Spanish judges, who reviewed the case in late 2015, have until the end of March to rule on appeals in the long-running Puerto scandal and subsequent trial. If judges back appeals from Spanish anti-doping authorities, joined by the UCI, WADA and others, the freezer might finally be pried open, and some of cycling’s longest-held secrets could be revealed.
“We are hoping the courts rule in favor of the appeals, and we can have full access to the evidence to identify everyone involved,” Enrique Gomez Bastida, head of Spain’s anti-doping agency, told VeloNews by telephone Tuesday. “Not just any athletes, but the others involved as well, the teams, the doctors, the handlers. It’s unfair that just the athletes are punished.”
There are a lot of “ifs.” First, judges need to rule in favor of appeals dating from the 2013 Puerto trial, which handed down a one-year jail-term for Puerto ringleader Dr. Eufemiano Fuentes, as well as one of his associates. As part of nine appeals, officials are pushing to have full access to the blood bags and other state evidence. They also seek a stiffer sentence for Fuentes and punishments for three others who were cleared, including ex-ONCE manager Manolo Saíz.
Bastida ran the investigation squad from Spain’s Guardia Civil that arrested Fuentes, Saíz, and three others in May 2006, and in 2014, he was named head of Spain’s anti-doping agency. In those raids, Bastida’s agents discovered more than 200 bags of blood and plasma, along with a cache of banned performance-enhancing products and a treasure trove of training diaries, doping schedules, and code names (often the names of pets). Since it was part of an ongoing judicial process, Spanish courts blocked efforts to hand over evidence to anti-doping authorities. Nearly 60 cyclists were implicated, but only six served racing bans, all via legal proceedings outside Spain. A Spanish judge twice tried to close the case, but in 2013, a Spanish court finally heard evidence in what was Spain’s first-ever “doping trial.”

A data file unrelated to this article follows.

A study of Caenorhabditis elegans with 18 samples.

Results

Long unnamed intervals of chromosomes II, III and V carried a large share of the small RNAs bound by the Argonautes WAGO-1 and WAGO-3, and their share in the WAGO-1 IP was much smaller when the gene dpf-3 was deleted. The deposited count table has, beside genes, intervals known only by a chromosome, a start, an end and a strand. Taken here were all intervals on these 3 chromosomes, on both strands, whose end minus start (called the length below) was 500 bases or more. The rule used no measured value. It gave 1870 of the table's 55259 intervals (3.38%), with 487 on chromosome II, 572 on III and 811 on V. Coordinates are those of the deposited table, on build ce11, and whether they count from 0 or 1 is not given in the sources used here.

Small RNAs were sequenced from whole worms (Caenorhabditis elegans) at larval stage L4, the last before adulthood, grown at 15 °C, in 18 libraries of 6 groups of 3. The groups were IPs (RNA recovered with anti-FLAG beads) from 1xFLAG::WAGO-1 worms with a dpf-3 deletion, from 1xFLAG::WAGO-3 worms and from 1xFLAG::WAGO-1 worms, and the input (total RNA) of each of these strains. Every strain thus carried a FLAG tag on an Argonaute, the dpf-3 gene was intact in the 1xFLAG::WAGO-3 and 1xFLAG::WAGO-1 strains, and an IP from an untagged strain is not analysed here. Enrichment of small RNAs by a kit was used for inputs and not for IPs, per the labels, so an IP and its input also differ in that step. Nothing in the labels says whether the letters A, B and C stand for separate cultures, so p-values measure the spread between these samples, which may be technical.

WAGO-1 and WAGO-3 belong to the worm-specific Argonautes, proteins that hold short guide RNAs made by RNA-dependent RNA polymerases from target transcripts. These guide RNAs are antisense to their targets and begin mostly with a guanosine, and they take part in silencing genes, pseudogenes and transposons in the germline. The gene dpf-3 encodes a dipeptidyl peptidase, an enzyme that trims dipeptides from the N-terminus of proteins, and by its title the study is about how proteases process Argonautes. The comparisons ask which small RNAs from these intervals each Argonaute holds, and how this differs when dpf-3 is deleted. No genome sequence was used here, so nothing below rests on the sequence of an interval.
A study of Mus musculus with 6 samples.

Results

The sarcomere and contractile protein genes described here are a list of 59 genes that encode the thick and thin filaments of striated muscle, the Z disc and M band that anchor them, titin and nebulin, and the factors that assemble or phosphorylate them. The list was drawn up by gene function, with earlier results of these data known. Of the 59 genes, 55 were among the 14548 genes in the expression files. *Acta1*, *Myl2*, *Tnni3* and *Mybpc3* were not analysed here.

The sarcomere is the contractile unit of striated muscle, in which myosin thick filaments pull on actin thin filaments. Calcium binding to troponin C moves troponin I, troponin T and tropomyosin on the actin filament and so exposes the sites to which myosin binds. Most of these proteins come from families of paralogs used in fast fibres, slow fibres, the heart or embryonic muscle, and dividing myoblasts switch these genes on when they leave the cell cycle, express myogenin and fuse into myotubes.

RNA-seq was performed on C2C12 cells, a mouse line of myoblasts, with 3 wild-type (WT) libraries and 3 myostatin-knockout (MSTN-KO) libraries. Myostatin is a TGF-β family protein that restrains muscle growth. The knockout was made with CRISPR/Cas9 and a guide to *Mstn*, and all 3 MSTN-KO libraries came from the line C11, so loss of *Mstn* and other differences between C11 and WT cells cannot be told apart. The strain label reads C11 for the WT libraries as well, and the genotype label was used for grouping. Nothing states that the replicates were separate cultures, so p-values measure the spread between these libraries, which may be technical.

While officials are quietly optimistic this month’s ruling could go their way, judges could also deny the appeals outright. If that happens, the blood bags, along with other evidence, would be destroyed, and never handed over to anti-doping authorities.
“We hope that doesn’t happen,” Bastida said. “It would be a disaster for Spain, and for the international anti-doping community, if the case just ends here.”
Another factor is the statute of limitations, set at eight years under the WADA code. There can be exceptions, but a new, 10-year limit only came into effect in 2015, so even if the evidence is finally handed over to anti-doping authorities, it might be too late to impose sanctions. Bastida said experts are studying rules to find an opening to identify and sanction athletes and others if they finally get their hands on Puerto’s infamous blood bag stash, nearly a decade after the raids. It’s been a long wait.